Overheard at OptiFab: Hear What Attendees are Talking About
AmeriCOM hosted Student Day at OptiFab 2021, introducing hundreds of high school and college students to potential career opportunities in optics. Engaging students – as early as middle and high school – is critical for AmeriCOM to meet its goals for expanding the pipeline of skilled optics technicians.
The morning began with Dr. Alexis Vogt, AmeriCOM Workforce and Higher Education Executive Director, addressing students from regional schools including Monroe Community College, Hilton High School, Webster Thomas High School, Vertus Charter School, and BOCES. Representatives from University of Rochester, Rochester Institute of Technology, and University of California, Los Angeles also attended the briefing.
Dr. Vogt inspired the audience with a stirring presentation on the global need for skilled optics technicians. With eyes wide open on the career possibilities, the excited students turned loose on the exhibition hall to meet with exhibitors.
Here’s a quick look at what had attendees talking.
Genesee is a mother of three children who left the veterinary field in search of a better career. She entered an apprenticeship program with Sydor Optics and talks about how it changed her life.
“It allows me to take classes while working full time to support my family, and also get a degree in optics.”
“When I started schooling and started being in the optics field, it blew my mind how much optics is actually a part of everything we do.”
“If you’re thinking about it, definitely just go for it. It’s a good opportunity. You can travel around the world doing it. There are so many opportunities, so many jobs available to you. Whether you have no experience, or good experience, or minimal experience, a lot of companies are willing to hire on a train basis.”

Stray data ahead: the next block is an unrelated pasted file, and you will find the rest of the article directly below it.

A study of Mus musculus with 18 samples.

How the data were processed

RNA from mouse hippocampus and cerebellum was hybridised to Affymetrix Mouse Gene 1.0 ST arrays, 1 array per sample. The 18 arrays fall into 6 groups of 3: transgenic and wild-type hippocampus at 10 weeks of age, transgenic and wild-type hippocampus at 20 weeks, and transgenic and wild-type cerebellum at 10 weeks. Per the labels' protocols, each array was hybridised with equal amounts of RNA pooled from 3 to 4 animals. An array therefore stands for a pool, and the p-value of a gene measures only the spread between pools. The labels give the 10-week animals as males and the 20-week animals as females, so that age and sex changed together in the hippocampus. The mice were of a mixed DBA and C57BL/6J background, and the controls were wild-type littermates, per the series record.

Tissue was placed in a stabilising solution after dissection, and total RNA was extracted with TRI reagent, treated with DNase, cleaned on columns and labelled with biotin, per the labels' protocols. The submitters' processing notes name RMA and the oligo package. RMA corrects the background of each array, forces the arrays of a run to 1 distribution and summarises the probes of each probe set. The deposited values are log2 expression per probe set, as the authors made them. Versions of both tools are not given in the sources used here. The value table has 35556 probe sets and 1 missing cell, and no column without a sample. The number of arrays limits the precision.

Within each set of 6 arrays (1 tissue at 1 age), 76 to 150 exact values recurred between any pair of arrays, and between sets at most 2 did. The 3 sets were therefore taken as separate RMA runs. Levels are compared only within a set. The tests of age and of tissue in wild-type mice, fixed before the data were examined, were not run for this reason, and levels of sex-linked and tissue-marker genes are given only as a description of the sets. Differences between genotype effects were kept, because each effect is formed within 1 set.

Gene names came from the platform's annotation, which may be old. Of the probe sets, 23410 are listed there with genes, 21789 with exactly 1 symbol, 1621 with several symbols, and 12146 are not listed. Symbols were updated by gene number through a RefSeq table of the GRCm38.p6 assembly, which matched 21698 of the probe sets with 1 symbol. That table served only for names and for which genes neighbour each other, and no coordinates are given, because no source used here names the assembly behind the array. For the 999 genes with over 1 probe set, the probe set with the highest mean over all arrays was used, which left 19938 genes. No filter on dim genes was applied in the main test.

Dr. Alexis Vogt
Dr. Vogt is AmeriCOM’s Workforce and Higher Education Executive Director. She is also the Endowed Chair and Professor of Optics at Monroe Community College (MCC). At OptiFab 2021, she spoke with students about precision optics as a potential career path.
“This is a great field for everybody. High school students, but also career changers. Whether they’re early career, or mid-career, or even later career. There are so many opportunities that are available. People can re-enter into a brand-new career — a career that’s revolutionizing the way in which we live.”
“You don’t realize just how enormous this field is and when you’re stepping into it you don’t know where you’ll end up.”
Jaiden is a student at Monroe Community College (MCC) who says he was “hooked right away” when Dr. Vogt spoke to his high-school class about precision optics. He is now in the Corning Technician Pipeline Program where he’s found a great balance between work and school.
“The program that I’m in, they only want me working eight hours a week because they want me to focus on school. So it’s pretty easy right now to balance between the two because I’m only working once a week and have school the rest of the week.”
“If you like a challenge and you like physics and you like math, you’ll definitely like optics a lot.”
Dr. Amanda Meier
Dr. Meier is the Director of Optics Technology Program at Front Range Community College in Colorado. She loves introducing students to the world of optics, and especially enjoys the eye-opening moment when students first realize how ubiquitous optics are.
“We touch so many things that we don’t even realize have different science and technologies behind them. I think that’s the best part of now why we get to teach this and now why I’m so happy to be part of teaching this because you get to see that moment with students that have no idea. I love it.”
Briana is a student at Monroe Community College (MCC) who says her college experience exposed her to multiple career paths in precision optics.
“I chose MCC because it was versatile in its curriculum and it was also diverse. It was also a place where a lot of opportunities are accessible. ”
“There’s a lot of hands-on stuff that is very dexterity-driven, very hand-eye coordination driven, very memory-based and patter-based driven. So I think if somebody was looking to get into optics and they have those qualities I would say you should try it. You never know, until you try, what you’re capable of.”